Pro Football Weekly hearts Bill Polian in 2009

In many ways, the unsung "super star" of the Indianapolis Colts is President Bill Polian. While Peyton Manning is the band leader, with Dwight Freeney on guitar, Jeff Saturday on drums, Adam Vinatieri bouncing' on bass, and Reggie Wayne working the saxophone, the quiet band manager standing in the back of the auditorium (sunglasses on, working the cellphone for the next big venue) is Bill Polian. Just as the Beatles would not have existed in our collective cultural consciousness without late-manager Brian Epstein, the Colts would not be the gold standard of the NFL if not for Bill Polian. Ex-Colts coach Tony Dungy gets a lot of well-deserved credit for building a mediocre-to-good team into a powerhouse, but just as deserving is Bill Polian.

You will sometimes read the occasional  "Polian is pissing me off" rant here because, quite honestly, Bill Polian is horrible when it comes to promoting his team. He doesn't understand new media, like the "Internets," blogs, and such. He is cryptic and overly secretive in his press conferences. He seems to have total and complete contempt for the press and media in general. I sometimes wonder if Polian would prefer not having to do press conferences, open practices, or interviews at all. As a PR front man, he epitomizes the cranky old man screaming "Get off my lawn!" stereotype most frequently associated with him.

As a general manager, no one in this league rivals Bill Polian. No one.

I used to say that Scott Pioli and Ossie Newsome were his equals. I don't believe that anymore. Polian has eclipsed them. Pioli won his Super Bowls with the New England Patriots and Bill Belichick at his side. There was also rampant cheating going on in the organization, and Pioli had to know about it (yet did nothing). Since we all agree that cheating taints any and all accomplishments, I simply do not trust that Pioli, Belichick, and the Patriots would have won as much as they did had they not cheated. The sad truth of it all is the cheating likely wasn't necessary.

Pioli is now rebuilding the Kansas City Chiefs, and he will likely do a great job there (as he did in New England, sans cheating). But Bill Polian has built not one, not two, but three NFL franchises. Advantage: Polian.

The same standard could apply to Ossie Newsome with the Baltimore Ravens. Baltimore was a great team for only two years (2000-2002). But, from 2003-2008, they hovered from medicore to bad. They missed the playoffs in four of the last seven seasons, and last year was the first time the team had won a playoff game since 2001. Newsome has done an especially good job recently, hiring John Harbaugh and drafting Joe Flacco, but when you compare his overall accomplishments with what Polian and the Colts have done (six straight years of 12 wins or more), and it isn't even a contest. Advantage: Polian.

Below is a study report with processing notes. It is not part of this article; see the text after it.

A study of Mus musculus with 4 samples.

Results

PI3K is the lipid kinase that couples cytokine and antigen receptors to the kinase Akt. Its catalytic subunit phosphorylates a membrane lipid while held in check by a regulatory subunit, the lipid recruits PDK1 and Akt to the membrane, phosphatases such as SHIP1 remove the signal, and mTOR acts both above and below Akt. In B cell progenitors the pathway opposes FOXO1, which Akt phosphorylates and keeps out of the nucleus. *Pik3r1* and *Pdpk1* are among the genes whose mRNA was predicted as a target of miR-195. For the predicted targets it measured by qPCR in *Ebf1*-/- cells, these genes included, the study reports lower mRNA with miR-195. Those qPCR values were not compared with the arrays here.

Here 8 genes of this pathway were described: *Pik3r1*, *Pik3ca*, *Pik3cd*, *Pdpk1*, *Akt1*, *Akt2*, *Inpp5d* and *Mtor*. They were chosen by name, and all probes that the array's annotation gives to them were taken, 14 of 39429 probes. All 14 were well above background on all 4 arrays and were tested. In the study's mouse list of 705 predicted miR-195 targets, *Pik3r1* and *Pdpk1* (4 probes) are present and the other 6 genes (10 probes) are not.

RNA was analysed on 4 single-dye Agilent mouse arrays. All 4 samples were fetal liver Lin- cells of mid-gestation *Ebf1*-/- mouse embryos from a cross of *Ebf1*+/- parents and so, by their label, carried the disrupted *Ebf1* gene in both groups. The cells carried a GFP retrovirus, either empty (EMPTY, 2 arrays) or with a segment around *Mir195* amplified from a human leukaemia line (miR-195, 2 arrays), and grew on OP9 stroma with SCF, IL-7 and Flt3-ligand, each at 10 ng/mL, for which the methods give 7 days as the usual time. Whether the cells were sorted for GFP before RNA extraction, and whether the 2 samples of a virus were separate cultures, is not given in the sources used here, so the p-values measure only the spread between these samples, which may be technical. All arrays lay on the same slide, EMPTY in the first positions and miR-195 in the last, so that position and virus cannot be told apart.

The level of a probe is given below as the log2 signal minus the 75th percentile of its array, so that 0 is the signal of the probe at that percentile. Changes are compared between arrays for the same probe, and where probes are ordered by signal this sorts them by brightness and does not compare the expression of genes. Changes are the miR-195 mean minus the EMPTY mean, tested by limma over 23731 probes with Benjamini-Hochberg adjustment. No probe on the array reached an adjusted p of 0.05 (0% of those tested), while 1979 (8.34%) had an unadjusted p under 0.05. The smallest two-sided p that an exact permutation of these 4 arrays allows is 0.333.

As the Colts enter their post-Tony Dungy era, the focus for Polian and crew is to soldier on with a new coach, a trimmed-down scouting department, and an uncertain labor future. Not an easy task. Plus, when you consider the problems this team faced last season, and the way Polian seemed to toil night and day to fix them, I think Bill got shafted when he did not receive his 4th NFL Executive of the year award for 2008. No other GM in this league could have weathered the injuries and distractions the Colts weathered.

For this reason, and others, PFW's Matt Sohn decided to give Big Bill a little love:

If the Colts live up to expectations, there’s a good chance that the most worthy MVP will be team president Bill Polian. While Polian’s been held in high regard throughout his 11-year tenure in Indianapolis, his finest roster-shaping work may have occurred this offseason. Re-signing CB Kelvin Hayden was the splashiest transaction, but creating the cap space — aided by an unexpected cap bump — to re-sign C Jeff Saturday could have the bigger impact in ’09. The Colts gained 45 more yards per game in the 12 outings in which Saturday appeared than in the four in which he was sidelined in ’08. Perhaps the savviest decision of all was not tendering restricted free-agent LBs Tyjuan Hagler and Freddy Keiaho, despite pressing needs at the position. Polian correctly estimated that they wouldn’t generate much interest on the open market, and he was subsequently able to re-sign them to deals that will still enable Indy to sign all of its rookies.

There is also the draft, which provided much needed depth at defensive tackle. Also, taking Donald Brown should go a long way to making Indy's offense even more explosive. Re-signing Ed Johnson was another shrewd move. Johnson has Pro Bowl potential, and is the kind of guy that can thrive in a structured environment.

Polian has worked hard this off-season to provide new coach Jim Caldwell with a better team than the one Tony Dungy brought into the 2008 season. For that, Big Bill deserves some love... even though he can be a gruff old canker sometimes. But, at least, he's our gruff old canker.